Note: This blog post is one in a series about the baskets that I’m making for my final project as an apprentice in the Wildwood Path.
I’ve been stubbornly resistant to making a pack basket. I have all of the brown ash splints, I’m weaving baskets, I have the intention of spending lots of time outside and often want to carry things with me, so why not a pack basket? I think exploring that question could very easily become a long essay stretching back into my early teens and getting into my reaction to visual cues that mark people as belonging to certain groups. I’m not going to write that essay right now. In brief, I’m kind of fond of my canvas rucksack. If I make and carry a pack basket primarily as a signal to other people that I’m the type of person who pounds ash trees and weaves pack baskets, that feels about as fun as having someone check what brand of jeans I’m wearing. I have several friends who legitimately love their pack baskets and use them all the time (and not just because they want to look cool!). But I’m not feeling the call to weave one for myself at present.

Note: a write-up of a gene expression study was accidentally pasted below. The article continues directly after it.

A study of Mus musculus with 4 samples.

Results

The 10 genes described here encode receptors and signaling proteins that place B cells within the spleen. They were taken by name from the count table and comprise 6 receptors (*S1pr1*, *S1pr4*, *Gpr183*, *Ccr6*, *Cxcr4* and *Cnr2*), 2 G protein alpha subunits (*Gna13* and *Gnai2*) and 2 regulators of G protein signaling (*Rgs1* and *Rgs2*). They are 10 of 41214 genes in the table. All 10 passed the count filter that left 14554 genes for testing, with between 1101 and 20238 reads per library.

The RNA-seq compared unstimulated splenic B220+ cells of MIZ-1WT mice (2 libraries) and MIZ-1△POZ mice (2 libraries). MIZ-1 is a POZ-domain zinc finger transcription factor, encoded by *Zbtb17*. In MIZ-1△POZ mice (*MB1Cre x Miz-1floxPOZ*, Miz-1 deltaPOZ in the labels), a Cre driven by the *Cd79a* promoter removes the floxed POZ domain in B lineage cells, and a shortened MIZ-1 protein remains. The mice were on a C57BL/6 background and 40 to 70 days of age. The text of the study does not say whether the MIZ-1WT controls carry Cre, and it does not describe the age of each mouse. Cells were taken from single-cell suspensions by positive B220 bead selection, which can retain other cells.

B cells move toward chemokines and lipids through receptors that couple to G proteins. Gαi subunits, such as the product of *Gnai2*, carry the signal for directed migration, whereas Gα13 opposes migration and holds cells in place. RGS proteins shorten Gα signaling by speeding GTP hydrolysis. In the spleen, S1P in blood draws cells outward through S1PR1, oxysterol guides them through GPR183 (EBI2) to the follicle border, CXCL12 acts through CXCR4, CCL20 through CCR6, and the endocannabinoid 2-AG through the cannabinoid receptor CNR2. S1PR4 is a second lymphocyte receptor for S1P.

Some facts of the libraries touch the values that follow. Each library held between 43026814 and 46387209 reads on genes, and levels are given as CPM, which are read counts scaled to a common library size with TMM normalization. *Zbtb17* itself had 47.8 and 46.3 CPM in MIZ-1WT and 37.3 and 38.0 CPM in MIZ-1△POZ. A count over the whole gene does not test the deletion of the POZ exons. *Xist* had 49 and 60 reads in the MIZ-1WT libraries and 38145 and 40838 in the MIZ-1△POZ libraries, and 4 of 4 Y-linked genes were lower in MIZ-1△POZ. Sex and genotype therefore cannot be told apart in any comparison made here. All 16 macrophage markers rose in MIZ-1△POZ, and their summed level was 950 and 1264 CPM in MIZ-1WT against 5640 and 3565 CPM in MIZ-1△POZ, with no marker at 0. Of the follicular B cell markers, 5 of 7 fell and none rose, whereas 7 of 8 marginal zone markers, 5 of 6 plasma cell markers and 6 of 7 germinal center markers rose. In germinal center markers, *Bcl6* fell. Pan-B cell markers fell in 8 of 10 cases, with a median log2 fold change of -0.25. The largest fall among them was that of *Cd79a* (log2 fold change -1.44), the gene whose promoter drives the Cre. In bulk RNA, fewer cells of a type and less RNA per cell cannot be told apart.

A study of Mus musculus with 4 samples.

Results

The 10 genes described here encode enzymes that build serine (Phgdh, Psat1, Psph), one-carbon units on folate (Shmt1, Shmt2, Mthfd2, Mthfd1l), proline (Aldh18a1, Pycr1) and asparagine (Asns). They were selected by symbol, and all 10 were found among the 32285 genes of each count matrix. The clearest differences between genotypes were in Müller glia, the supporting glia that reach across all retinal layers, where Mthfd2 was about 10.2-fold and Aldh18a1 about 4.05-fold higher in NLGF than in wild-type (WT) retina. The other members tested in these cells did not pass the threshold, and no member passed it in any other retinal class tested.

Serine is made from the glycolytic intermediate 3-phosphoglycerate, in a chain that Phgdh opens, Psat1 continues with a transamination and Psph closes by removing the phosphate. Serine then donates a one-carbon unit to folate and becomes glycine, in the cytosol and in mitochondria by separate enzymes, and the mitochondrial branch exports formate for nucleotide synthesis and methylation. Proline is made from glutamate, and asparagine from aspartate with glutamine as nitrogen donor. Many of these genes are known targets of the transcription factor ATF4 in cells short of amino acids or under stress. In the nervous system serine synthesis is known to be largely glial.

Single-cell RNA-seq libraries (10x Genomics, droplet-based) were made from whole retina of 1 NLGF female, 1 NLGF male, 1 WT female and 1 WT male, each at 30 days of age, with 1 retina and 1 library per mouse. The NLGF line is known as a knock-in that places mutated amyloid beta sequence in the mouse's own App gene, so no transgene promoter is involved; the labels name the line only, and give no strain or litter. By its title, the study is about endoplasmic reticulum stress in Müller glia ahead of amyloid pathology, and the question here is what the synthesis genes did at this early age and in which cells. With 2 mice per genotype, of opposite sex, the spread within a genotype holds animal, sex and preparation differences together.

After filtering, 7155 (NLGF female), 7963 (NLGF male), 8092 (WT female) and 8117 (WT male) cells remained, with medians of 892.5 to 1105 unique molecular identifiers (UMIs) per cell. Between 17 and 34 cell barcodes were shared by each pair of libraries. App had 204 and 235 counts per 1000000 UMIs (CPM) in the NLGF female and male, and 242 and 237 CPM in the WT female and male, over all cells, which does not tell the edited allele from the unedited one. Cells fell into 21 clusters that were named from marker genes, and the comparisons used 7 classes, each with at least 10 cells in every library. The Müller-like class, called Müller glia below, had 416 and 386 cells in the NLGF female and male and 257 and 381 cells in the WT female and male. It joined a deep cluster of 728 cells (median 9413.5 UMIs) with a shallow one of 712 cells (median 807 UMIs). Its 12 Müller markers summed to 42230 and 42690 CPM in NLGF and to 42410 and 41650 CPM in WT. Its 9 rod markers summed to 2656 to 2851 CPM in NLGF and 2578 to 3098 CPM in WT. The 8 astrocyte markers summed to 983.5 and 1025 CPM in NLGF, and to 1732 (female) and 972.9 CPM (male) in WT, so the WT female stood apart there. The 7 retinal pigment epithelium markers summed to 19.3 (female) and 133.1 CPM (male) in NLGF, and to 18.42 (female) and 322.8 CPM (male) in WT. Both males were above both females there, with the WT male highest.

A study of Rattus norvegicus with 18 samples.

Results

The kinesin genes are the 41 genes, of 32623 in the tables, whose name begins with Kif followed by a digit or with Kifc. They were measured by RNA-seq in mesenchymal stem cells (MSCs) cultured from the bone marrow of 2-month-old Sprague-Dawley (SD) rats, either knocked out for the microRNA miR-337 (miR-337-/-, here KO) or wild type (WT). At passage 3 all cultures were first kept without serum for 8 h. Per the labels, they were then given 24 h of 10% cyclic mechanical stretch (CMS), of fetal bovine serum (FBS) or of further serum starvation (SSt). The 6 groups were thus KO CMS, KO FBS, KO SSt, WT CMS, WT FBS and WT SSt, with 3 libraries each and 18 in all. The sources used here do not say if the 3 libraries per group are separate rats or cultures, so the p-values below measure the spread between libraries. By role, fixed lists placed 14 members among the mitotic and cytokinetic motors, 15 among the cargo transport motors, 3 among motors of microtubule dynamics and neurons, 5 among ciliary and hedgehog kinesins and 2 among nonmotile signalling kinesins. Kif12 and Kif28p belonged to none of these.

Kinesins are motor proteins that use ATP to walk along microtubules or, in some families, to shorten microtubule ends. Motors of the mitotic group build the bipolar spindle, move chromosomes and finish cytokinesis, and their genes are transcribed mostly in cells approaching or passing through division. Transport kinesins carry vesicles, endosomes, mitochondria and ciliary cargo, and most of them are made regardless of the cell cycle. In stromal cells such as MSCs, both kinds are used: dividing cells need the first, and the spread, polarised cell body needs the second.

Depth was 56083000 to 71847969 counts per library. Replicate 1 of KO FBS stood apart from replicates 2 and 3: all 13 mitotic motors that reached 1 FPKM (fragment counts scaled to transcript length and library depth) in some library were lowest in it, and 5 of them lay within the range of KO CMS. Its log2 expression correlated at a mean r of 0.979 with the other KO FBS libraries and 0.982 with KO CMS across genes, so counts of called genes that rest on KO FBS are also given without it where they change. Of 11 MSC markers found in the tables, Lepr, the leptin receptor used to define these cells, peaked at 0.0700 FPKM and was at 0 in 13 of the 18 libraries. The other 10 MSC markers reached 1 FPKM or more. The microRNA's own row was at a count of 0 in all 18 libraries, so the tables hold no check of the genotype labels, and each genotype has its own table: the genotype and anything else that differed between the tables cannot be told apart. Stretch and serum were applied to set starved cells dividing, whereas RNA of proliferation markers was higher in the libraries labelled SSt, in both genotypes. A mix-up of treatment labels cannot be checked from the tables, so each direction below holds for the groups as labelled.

That said, I started making a tiny basket for Grandfather Ray, who shared his basket-weaving skills with us back in February. It wasn’t supposed to be a pack basket, but that’s what came out of the ash. Once I realized I was making a tiny pack basket, I surrendered to it and embraced it, staying up late to painstakingly finish all of the details: the milkweed cordage rim; the adjustable buckskin straps. I consider this tiny basket to be the capstone, in some sense, of my Wildwood Path experience. Gratitude, seeking out elders, help from the community, plant knowledge, physical work, circling back to and deepening earlier skills.
If you came here from Facebook, the answer to the mystery is that the basket is 2.25″ tall on tip toes!